1. D Pan1,
  2. E Lee2,
  3. L Lock2,
  4. R Batra3,
  5. I Abubakar4,
  6. S Batra3,
  7. M Lipman5
  1. 1Imperial College School of Medicine, London, UK
  2. 2Wellesley College, Massachusetts, USA
  3. 3Operation ASHA, Delhi, India
  4. 4University College London, London, UK
  5. 5Royal Free Hospital, London, UK


Introduction India accounts for more than one-fifth of the total global tuberculosis (TB) incidence. In response, the Revised National TB Control Program (RNTCP) of India has supported the decentralisation of service delivery with encouragement of active community participation. Operation ASHA is an international NGO that offers TB services to slum populations – a group that have proven difficult historically to engage. It employs a unique treatment approach involving community-based providers and biometric data registration to support adherence. We report treatment outcome for patients with presumed drug-susceptible tuberculosis managed by Op ASHA within Delhi’s slum districts.

Methods Retrospective, observational cohort study focusing on patients within 14 southern Delhi slum districts started on treatment according to RNTCP guidelines between 1.4.2012 and 31.3.2013. Demographic and clinical information were systematically recorded. Patients still on treatment by the end of October 2013 were excluded from analysis. Successful outcomes were defined as bacteriologically confirmed cure or treatment completion. Adverse outcomes were: treatment default, conversion to MDR-TB treatment, treatment failure or death.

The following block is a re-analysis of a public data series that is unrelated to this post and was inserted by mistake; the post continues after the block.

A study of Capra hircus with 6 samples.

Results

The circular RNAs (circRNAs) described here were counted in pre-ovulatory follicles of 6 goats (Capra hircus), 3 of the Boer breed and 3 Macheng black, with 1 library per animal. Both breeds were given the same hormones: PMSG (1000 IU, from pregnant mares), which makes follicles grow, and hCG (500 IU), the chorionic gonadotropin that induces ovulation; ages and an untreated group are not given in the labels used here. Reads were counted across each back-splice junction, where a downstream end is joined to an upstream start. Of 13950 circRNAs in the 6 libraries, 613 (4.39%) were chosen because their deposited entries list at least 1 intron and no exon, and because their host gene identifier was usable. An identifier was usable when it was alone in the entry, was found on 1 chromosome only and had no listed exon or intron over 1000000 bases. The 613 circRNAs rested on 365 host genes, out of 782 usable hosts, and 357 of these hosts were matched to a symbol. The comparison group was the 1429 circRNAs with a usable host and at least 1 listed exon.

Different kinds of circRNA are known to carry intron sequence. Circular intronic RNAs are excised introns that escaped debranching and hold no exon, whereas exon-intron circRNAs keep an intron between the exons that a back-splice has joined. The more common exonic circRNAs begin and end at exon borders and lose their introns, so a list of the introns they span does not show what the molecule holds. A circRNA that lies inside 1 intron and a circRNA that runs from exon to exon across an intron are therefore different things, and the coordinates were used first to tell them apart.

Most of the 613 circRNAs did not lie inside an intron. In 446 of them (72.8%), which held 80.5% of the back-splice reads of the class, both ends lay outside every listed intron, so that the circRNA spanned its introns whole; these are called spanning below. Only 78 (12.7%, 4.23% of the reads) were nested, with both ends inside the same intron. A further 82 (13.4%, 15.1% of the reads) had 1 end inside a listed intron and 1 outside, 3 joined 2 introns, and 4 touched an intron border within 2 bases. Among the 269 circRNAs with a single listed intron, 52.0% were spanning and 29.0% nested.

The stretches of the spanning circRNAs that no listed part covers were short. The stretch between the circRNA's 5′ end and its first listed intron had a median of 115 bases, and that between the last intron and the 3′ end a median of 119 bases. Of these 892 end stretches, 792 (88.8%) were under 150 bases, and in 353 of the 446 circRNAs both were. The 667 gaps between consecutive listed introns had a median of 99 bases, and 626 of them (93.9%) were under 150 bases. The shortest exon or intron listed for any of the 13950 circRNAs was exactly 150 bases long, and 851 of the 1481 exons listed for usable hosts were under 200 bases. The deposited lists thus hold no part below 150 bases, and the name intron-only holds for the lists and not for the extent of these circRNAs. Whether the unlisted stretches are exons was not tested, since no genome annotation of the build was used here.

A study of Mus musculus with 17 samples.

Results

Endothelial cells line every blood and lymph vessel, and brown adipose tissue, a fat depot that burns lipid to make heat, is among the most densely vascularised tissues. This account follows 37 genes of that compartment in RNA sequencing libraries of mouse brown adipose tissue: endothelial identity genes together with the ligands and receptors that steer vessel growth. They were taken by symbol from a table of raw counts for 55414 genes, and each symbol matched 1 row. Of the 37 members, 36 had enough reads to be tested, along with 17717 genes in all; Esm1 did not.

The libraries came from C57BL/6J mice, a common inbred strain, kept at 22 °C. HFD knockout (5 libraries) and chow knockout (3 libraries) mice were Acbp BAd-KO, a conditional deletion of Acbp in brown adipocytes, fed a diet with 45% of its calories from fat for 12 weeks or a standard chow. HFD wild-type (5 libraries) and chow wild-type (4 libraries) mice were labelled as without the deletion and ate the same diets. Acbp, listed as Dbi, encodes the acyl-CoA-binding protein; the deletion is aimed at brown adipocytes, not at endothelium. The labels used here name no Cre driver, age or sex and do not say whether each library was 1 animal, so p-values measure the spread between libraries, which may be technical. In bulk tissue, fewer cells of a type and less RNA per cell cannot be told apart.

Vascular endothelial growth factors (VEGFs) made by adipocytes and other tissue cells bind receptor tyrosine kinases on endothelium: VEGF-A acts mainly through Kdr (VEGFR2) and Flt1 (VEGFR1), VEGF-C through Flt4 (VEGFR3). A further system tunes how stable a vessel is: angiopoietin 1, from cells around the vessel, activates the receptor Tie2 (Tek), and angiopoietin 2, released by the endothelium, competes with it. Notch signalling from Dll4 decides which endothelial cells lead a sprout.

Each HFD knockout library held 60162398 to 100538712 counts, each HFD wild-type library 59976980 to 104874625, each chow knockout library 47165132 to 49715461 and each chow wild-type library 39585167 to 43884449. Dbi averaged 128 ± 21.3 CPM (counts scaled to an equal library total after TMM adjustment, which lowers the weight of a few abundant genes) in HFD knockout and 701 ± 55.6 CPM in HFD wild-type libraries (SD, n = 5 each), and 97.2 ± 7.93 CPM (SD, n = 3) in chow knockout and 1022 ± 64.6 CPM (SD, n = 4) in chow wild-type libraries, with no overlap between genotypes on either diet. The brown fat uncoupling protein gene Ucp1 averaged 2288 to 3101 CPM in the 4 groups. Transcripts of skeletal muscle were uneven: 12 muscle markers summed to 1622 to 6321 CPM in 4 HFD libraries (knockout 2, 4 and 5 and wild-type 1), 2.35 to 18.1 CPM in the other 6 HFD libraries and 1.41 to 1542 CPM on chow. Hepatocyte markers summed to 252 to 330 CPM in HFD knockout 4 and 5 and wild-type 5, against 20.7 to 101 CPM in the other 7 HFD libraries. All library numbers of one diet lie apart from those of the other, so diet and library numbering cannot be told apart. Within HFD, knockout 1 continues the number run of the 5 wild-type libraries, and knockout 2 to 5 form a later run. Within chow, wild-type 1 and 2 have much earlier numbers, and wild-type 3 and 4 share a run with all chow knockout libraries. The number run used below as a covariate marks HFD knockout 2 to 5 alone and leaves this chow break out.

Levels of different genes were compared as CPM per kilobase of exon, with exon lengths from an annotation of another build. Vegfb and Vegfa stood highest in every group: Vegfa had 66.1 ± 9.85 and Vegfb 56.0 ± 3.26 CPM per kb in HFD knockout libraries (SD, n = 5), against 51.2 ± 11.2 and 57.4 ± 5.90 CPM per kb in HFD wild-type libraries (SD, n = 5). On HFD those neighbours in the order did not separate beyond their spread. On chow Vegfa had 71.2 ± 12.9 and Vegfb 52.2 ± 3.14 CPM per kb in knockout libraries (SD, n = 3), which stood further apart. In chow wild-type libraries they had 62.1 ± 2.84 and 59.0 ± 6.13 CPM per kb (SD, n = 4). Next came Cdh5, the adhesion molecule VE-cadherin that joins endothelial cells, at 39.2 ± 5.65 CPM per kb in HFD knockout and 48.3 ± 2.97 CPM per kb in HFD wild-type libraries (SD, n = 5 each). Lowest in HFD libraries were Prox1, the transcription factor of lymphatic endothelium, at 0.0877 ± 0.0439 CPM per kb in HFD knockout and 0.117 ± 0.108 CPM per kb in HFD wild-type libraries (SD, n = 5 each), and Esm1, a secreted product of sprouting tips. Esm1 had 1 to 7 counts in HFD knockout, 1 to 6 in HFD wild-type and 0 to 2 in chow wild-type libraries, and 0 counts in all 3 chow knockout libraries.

Results 1217 patients were started on treatment. 29% were aged <20; and 42% were female. 52% had pulmonary TB; of these 55% were sputum smear positive (58% grade II or III out of III). 218 (18%) subjects re-treated for TB were excluded from further outcome analysis. The remaining 999 patients had similar clinical characteristics to the whole study population. Successful outcome after 6 months of treatment was recorded in 85% of subjects (77% pulmonary, 91% extrapulmonary cases). Adverse outcomes were recorded in 16% of those with pulmonary TB. This was considerably less common in extrapulmonary TB, where it was recorded in only 6%. Death was reported in 3% of pulmonary and 1% of extrapulmonary patients.

Conclusions The model of care achieves the WHO target for treatment completion of 85% in a population considered very high risk of failure under traditional TB programmes. Future work needs to focus on the factors that result in adverse outcomes, in particular for the key patient population with infectious pulmonary TB.